Baby Bird Rescue

Photo: Ken Stepnell/OEH

Baby Bird Rescue


Wild wind and rain can sweep baby birds out of the nest and on to the ground. If the baby bird is fluffy, or doesn’t have many feathers and is unable to grip onto a perch, then it needs to go back into the nest. It can’t have travelled far. Search nearby trees and bushes and return it to the nest.

The parents will not disown the baby because of your scent. Birds recognise their babies by call and not by smell.

If you find a baby bird on the ground which is mostly feathered and can hop around and perch, then it is likely a fledgling and ready to leave the nest. The parents are probably nearby watching it.

If the baby is in a hazardous area, try to herd it to a safer spot close by. You may want to keep an eye on it until mum and dad call to it, or come to feed it.

If neither parent returns after a long time, or if the young bird is sick or injured, call a wildlife carer so that they can come collect it.

If you find an animal that needs help, call a wildlife carer immediately and follow their advice.

Click to find out contact details for your local wildlife carer or use this searchable wildlife carer database.

If the wildlife carer advises you to collect the animal and await their arrival, do it in a way that minimises stress for the animal.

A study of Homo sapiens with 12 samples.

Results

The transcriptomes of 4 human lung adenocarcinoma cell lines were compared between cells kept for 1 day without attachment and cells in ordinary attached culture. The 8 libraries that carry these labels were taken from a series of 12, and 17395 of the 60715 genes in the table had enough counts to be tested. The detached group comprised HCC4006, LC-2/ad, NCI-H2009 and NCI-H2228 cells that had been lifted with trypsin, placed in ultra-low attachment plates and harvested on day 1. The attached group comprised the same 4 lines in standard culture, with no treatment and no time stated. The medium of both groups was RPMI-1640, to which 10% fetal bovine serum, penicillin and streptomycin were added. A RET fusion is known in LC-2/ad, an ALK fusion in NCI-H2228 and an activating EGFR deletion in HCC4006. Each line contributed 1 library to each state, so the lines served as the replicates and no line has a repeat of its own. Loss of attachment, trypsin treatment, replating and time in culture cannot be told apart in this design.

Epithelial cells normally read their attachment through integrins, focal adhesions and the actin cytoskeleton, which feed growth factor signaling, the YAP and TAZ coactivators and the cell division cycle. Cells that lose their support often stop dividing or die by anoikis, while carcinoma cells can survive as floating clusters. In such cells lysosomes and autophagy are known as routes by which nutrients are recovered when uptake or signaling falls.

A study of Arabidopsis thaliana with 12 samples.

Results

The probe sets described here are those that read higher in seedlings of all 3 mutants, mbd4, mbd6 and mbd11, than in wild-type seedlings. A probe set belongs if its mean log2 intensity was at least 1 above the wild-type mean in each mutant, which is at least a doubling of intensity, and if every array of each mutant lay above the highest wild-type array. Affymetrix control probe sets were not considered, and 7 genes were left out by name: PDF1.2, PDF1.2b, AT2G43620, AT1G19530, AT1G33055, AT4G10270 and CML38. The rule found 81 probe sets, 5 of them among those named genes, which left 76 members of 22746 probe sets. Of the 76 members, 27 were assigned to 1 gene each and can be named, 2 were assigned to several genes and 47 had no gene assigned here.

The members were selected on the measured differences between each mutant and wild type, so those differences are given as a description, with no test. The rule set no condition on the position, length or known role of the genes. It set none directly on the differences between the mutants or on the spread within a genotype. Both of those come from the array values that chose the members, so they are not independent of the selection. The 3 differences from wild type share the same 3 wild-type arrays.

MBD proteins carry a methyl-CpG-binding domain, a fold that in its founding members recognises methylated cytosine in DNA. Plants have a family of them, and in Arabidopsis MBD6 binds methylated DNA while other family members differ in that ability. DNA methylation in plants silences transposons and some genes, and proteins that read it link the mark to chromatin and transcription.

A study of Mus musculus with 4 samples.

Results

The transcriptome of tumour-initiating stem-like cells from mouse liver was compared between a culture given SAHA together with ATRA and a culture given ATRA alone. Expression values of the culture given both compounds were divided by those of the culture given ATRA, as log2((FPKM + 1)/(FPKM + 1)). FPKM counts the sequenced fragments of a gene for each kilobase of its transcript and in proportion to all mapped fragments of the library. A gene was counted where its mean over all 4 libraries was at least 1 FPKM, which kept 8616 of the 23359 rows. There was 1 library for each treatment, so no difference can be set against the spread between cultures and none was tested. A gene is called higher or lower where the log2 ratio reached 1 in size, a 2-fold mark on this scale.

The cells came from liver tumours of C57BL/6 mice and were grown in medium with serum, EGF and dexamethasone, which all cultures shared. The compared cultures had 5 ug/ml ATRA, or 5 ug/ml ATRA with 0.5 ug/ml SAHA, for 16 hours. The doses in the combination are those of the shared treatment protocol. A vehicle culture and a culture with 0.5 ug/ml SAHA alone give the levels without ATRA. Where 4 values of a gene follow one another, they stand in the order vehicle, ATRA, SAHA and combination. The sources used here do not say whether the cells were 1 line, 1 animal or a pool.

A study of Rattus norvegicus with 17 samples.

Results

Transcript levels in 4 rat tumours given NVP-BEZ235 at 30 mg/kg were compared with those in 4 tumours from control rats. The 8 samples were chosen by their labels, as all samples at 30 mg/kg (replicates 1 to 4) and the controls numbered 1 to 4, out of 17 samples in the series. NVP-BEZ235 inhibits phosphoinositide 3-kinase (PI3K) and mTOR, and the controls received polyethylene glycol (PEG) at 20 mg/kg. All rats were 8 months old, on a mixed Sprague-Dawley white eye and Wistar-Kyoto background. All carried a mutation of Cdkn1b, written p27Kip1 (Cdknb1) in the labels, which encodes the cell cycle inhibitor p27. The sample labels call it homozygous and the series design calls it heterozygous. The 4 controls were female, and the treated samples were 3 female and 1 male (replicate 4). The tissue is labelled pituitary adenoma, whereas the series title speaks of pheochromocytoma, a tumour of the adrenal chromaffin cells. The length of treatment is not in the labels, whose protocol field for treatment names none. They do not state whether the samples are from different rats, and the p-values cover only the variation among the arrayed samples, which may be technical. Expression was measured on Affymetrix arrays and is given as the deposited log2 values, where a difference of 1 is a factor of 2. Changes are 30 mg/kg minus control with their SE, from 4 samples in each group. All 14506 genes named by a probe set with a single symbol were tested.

Approach with caution. Wild animals won’t know you are trying to help and are not used to being handled – they may try to defend themselves by biting, scratching or kicking.

If you find a baby bird out of the nest, check first to see if its parents are around watching.

Cover the animal with a towel or blanket and gently place it and the towel in a well-ventilated cardboard box or natural fibre bag.

Don’t put the animal into a bare cardboard box or one lined with newspaper if possible. Place the box in a warm, quiet, dark room and do not disturb the animal. Resist the temptation to peek at it, and keep children and pets well away. Don’t give it any food or water unless advised by a wildlife carer, as native animals have a specialised diet and may get sick from what you offer it.

If the animal is cold, you can fill a bottle with warm water, wrap it in a small towel and place it near the animal but not touching it. Don’t provide heat for reptiles or echidnas.

If you drop off an injured animal to a carer or vet, tell them exactly where you found it so that it can be relocated to its home territory after rehabilitation. This will greatly increase its chances of survival once it has been released back into the wild.

It is against the law to keep native animals taken from the wild. They must be passed on to an authorised carer with a licensed wildlife rescue organisation.

Don’t try to handle or rescue injured Flying foxes, venomous reptiles, snakes, or birds of prey. Improper rescue can hurt and distress both animals and people. Call a wildlife rescuer as they are trained to rescue these and many other kinds of animals safely.